Symposium brings together morality, economics

By Michelle Martin | Staff writer
Sunday, June 17, 2012

Catholic academics, bishops and other leaders gathered in Chicago May 31-June 1 for a symposium aimed at understanding the moral implications of various economic systems and policies.

The gathering, “Toward a Moral Economy,” was presented by the Chicago-based Lumen Christi Institute for Catholic Thought, John C. Nef Committee on Social Thought and the German Katholische Sozialwissenschaftliche Zentralstelle.

It was the fourth year in a row that the Lumen Christi Institute has sponsored a symposium on economics and Catholic social thought, according to Joe Kaboski, an associate professor of economics at the University of Notre Dame and the symposium’s organizer.

“Broadly speaking, the goal is just for bishops, economists and other academics to be in conversation about important aspects of the economy,” Kaboski said in an email interview. “The idea is to keep the church informed about the truths we’ve learned from economic research and to keep economists thinking about the ethical side of the economy and also the religious truths of man. The main goal is to just develop this conversation and make sure we keep it going.”

This year was the first time Lumen Christi partnered with the German institute, Kaboski said.

Munich cardinal speaks

The symposium was headlined with a keynote address May 31 by Cardinal Reinhard Marx, the archbishop of Munich. His talk was titled “A Global Social Market Economy in Response to the Challenges of the 21st Century.”

The following day, economists from various universities and institutions participated in panels with topics such as “What Would a Moral Economy Look Like? Values and Metrics” and “The Causes and Implications of Social Mobility and the Problem of Rising Income Inequality.”

“Even among Catholics, there are differences in how we view social ethics and the economy, but as Cardinal Marx emphasized, as these issues become more and more global, it’s important that we try to work together,” Kaboski said.

Cardinal Marx’s talk was based in part on his 2008 book, “Das Kapital: A Plea for Humankind,” which begins with a playful letter to another well-known Marx, Karl, in which the cardinal makes the case for a global “social market economy” as a corrective to the economic problems facing a world shaken by financial crisis.

Kaboski said it’s important for Americans to understand that what the Germans call a “social market economy” does not mean socialism.

“I think Americans might presume it was some sort of hybrid between capitalism and socialism, or perhaps an argument for the welfare state,” Kaboski said, noting that such economic systems have been criticized in several encyclicals. “I think a better description for the American audience would be a ‘truly free and fair market economy.’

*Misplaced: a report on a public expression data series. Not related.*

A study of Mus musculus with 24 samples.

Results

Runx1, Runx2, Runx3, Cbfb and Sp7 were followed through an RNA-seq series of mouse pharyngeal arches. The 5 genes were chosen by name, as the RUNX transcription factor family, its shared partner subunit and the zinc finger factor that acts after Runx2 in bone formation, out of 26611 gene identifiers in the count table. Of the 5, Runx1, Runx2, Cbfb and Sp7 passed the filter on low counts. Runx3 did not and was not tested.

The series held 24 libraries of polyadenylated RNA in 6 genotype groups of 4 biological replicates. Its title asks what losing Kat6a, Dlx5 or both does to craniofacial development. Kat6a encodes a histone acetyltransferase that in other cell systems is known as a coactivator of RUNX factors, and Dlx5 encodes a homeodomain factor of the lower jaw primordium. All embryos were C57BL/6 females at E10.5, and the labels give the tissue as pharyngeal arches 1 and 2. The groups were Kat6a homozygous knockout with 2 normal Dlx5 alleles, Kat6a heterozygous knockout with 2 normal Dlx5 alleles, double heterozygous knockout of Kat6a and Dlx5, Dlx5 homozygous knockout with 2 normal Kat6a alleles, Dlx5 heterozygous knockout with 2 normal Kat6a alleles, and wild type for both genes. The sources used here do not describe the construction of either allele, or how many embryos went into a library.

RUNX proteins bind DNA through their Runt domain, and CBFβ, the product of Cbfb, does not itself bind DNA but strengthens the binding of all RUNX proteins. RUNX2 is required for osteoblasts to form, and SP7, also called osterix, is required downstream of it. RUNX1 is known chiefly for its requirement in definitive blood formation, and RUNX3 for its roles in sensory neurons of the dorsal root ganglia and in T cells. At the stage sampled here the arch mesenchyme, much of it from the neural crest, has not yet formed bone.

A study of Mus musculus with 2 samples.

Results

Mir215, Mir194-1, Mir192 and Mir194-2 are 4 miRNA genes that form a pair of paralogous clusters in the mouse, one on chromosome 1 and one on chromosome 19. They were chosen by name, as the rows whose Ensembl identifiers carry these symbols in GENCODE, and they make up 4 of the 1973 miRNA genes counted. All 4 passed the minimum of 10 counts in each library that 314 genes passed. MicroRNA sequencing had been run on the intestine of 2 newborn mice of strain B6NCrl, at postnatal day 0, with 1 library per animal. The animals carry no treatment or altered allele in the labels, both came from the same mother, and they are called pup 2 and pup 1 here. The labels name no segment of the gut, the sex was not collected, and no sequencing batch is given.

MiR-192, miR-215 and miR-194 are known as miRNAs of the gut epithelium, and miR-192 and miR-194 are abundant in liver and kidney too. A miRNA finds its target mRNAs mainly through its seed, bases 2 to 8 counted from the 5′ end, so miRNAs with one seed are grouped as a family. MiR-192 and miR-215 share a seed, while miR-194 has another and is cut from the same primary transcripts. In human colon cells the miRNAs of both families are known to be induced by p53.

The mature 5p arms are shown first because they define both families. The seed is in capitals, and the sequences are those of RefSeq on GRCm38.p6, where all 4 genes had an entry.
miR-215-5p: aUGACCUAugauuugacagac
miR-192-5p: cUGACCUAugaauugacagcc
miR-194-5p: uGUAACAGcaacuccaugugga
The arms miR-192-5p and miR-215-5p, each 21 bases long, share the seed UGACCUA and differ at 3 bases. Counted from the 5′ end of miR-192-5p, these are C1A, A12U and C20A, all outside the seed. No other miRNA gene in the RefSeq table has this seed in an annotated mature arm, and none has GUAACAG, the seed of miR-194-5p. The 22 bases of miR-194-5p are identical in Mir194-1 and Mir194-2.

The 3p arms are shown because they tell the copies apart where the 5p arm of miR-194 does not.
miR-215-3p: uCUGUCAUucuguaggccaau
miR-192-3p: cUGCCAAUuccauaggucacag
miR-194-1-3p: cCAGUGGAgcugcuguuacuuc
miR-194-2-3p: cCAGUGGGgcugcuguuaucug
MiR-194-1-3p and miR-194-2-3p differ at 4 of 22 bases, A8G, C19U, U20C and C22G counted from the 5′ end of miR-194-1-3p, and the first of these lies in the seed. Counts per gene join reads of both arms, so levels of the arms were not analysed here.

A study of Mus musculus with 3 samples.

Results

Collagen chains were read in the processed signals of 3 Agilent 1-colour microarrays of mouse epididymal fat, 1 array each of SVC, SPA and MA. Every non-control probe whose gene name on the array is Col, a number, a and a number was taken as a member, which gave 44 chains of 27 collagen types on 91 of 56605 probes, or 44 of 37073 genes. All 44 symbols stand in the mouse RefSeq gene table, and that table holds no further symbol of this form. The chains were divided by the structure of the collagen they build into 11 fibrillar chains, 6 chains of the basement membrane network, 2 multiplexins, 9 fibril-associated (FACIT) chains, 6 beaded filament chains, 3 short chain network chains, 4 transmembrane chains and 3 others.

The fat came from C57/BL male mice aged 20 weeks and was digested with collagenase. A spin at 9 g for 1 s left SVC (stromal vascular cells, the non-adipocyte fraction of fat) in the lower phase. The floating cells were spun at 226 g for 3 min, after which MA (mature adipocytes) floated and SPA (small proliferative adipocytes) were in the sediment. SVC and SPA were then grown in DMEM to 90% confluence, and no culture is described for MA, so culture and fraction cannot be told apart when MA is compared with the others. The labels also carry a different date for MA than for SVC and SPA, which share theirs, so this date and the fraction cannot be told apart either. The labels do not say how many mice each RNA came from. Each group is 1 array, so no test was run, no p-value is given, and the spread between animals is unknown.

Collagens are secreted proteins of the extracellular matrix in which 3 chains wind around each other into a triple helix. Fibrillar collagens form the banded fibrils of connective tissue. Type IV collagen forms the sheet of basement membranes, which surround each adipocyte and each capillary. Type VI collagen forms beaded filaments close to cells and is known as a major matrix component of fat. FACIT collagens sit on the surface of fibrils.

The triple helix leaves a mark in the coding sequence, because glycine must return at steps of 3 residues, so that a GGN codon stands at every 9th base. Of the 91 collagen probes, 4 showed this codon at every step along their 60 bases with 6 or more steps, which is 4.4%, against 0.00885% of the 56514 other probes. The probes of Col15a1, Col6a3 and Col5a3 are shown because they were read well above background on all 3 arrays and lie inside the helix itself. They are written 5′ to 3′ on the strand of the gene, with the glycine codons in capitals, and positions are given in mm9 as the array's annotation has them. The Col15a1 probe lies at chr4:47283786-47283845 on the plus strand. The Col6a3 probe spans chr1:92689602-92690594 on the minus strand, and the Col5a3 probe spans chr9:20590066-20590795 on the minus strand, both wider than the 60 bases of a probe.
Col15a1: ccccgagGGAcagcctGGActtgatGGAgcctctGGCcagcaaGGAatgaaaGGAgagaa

Culturally, there are differences but Kaboski said there is more common ground than one might thing.

“When most Americans think of capitalism, they think of an economy where there are rights to private property, free initiative, markets, and competition. It’s something positive. Europeans, on the other hand, think of monopolists, cartels, where big business controls the government and other social institutions, and everything serves the almighty dollar,” he said.

“I guess we might describe that situation as crony capitalism, but I think both Americans and Europeans would agree that the former are good things and the latter are bad. When the Germans refer to a ‘social market economy,’ they simply mean that both good culture and constructive regulation are necessary to make sure that a market economy reflects the good stuff and not the bad stuff.”

Even if the economists from opposite sides of the Atlantic basically agree on what is the “good stuff,” they still have differing perspectives on how best to get it.

For example, Americans in general — including American economists — are more skeptical about the government’s ability to prevent “crony capitalism.” They also focus more on “absolute poverty,” meaning whether people have the basic necessities of life, than “relative poverty,” or economic inequality, and the two groups tend to have different attitudes towards redistribution.

Often, economics is not seen as having a moral dimension at all, and that’s a mistake, Kaboski said. Pope Benedict XVI is just the most recent pope to write about the morality of economics in encyclical “Caritas in Veritate,” released in 2009.

Today, many economists view themselves as social scientists rather than philosophers or social theorists, he said.

“That approach has pros and cons. The advantage is that it allows for groups of researchers from very different cultural and ethnic backgrounds to come to agreement on the facts or science of economics. The downside is that we spend less time thinking about the larger ethical picture,” he said. “We may also tend to take a more individualist and materialist outlook, which is common in the field.”

“Best kept secret”

Catholic social thought has often been described as ‘the church’s best kept secret,” he said. Symposiums like Lumen Christi’s expose economists to Catholic social thought and documents like the pope’s “Caritas in Veritate” on a deeper level.

Catholics must make an effort to understand their own tradition and its social teachings, Kaboski said, and events like the moral economy symposium help by drawing the attention of the academic world.

“People often want to pigeon hole Catholic social thought into particular policies or politics, but Catholic social thought is a perfect example of the living tradition of the faith at work,” he said. “We have these eternal principles that are central to the faith, but we need to always be reflecting on them and faithfully applying them to the changing times. That is why it is so important to keep these discussions alive and relevant.”